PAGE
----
TikTok continues to be one of the leading social platforms in the world for artist discovery. We previously talked about TikTok strategy for the new year here - as a refresher, here were our 4 key takeaways:
- The opportunity for artists on TikTok is bigger than ever in 2022
- All genres and types of music can succeed on TikTok
- Consider your whole catalog for TikTok promotion
- TikTok is growing more integrated with the music industry
Let’s take a closer look into the top TikTok songs of the last few months - what do they have in common, and what can we learn from it?
Attributes of Viral TikTok Hits
I pulled these song attributes from the 60 tracks: Name, Album, Artist, Release Date, Length, Popularity, Acousticness, Danceability, Energy, Instrumentalness, Liveness, Loudness, Speechiness, Tempo, and Time Signature.
Now that we have a clear view of the data, we can analyze some of the basic track attributes of these songs.
These TikTok tracks range anywhere from 1970 [“Love Grows (Where My Rosemary Goes)” by Edison Lighthouse] to songs released just in the last few days. The average release date on this list is actually 2017, which shows us that songs don’t necessarily need to be new to be able to go viral.
In fact, TikTok has helped to show that old hits very much have the potential to enter a second “lifecycle” à la Fleetwood Mac’s “Dreams”. This is a key piece to understanding the catalog acquisition boom that started a couple years ago, and now it seems as if a multi-million dollar legacy catalog sale ends up in the industry news every week.
Most TikTokers only use 10 - 15 seconds of a TikTok sound, but are there any trends in the length of these viral hits? The data shows us that the average track length here is around the 3-minute mark, which is an optimal duration that is radio and streaming-friendly.
However, there are plenty of songs here that fall far below or above this average; Céline Dion's "It's All Coming Back to Me Now" is a ballad that lasts over 7 minutes long! On the low end, there are several viral tracks that are 2 minutes or less, such as the #1 TikTok sound "Monkeys Spinning Monkeys" by Kevin MacLeod.
What we can infer from this is that length of the entire track may not be so important as the 'earworm' that is featured in TikTokers' short videos. According to the Oxford Dictionary, an earworm is "a catchy song or tune that runs continually through a person's mind"; this is a core concept in songwriting and the music industry as a whole, and Vox has an entire YouTube Series based on this concept.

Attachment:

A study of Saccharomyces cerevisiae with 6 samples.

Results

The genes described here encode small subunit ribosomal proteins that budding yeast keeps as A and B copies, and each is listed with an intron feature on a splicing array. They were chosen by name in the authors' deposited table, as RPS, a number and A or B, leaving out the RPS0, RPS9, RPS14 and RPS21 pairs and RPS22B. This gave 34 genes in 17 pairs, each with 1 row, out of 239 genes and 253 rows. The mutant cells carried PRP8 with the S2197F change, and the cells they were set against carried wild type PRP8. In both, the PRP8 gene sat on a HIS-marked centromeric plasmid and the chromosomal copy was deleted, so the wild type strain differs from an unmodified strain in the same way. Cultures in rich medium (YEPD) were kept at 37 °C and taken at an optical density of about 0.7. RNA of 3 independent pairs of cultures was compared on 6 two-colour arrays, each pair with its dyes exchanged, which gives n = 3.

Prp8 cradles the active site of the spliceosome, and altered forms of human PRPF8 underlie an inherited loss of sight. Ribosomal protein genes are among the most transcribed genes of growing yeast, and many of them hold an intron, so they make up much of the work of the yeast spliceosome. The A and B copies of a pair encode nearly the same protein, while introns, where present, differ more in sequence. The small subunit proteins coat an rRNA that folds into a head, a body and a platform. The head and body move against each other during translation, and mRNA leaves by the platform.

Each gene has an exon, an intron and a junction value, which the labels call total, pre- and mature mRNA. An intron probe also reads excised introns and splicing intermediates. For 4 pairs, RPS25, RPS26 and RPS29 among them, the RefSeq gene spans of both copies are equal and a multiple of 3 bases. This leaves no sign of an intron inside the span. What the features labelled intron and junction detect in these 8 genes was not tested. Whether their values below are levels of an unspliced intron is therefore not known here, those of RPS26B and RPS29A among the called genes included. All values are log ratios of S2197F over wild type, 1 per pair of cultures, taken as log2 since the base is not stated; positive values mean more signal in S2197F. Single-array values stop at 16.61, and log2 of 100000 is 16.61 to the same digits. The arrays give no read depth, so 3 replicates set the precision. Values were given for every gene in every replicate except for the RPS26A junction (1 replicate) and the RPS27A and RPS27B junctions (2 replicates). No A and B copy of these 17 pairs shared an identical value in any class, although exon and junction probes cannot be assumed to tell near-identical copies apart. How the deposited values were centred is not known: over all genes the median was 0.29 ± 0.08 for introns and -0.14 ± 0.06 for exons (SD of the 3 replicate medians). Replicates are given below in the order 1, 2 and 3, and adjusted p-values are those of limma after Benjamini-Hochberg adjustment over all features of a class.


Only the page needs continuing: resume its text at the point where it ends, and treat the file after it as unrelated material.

Céline Dion's "It's All Coming Back to Me Now" has a very recognizable hook and earworm moment that is being used identically in many of the videos using that sound, and "Monkeys Spinning Monkeys" is a repetitive but catchy and fun background tune that acts as a backdrop without limiting the direction that the video can go in.
Danceability, Energy, & Tempo
The stereotypical expectation for a viral TikTok hit is that there is a dance associated with the song that everyone is doing. Early on, this was true to some extent but now users have found all sorts of unique and fascinating niches that launched them to virality.
This playlist shows that the average track ranks around 70% in terms of danceability, 58% in energy, and around 117 bpm (beats per minute) for the tempo, with lows reaching down to 29% danceability, 7% energy and a bpm of 71.
While this selection suggests that the average songs are moderately high in danceability and energy, some of the viral hits in this playlist show us that songs don’t necessarily need to be high energy or choreography-ready to achieve success on the platform.
So what do these songs have in common?
After checking out the attributes for these songs, it seems that there can be a wide variability in terms of the song's makeup, such as energy level and tempo. I listened through this list, checked out some of the popular videos utilizing these top TikTok noises, and identified two qualitative factors that might help explain which sounds go viral.
Two Factors for Virality
- An 'earworm' moment in the sound
- Ability for the sound to be recontextualized
The 'earworm' is the part that gets stuck in our head - think of the "It's only right that you should play the way you feel it" line from Fleetwood Mac's "Dreams" (first appears at 32 seconds in). It's a beautiful moment in terms of Stevie Nicks' vocal delivery and an instantly recognizable snippet of the song.
Secondly, can the song be recontextualized? That is, can it be redefined outside of the mood and lyrical space it was created in? A middle-aged man with head tattoos and a grey hoodie skateboards down the sidewalk lip-syncing to this song while drinking Ocean Spray cranberry juice straight from the bottle; he shows us not only that the song is a catchy, vibey tune that can be part of the soundtrack to our daily lives, but also that this song is for everybody.
What can we learn from this?
TikTok creators have an astute ability to turn even the most unlikely songs into viral hits. Musicians can take into mind that the playlist used for analysis here is partial to moderate levels of danceability and energy, but ultimately you should stick to your true artistic voice without being too influenced by what you may think will ensure virality for your track. At the end of the day, it's about good music.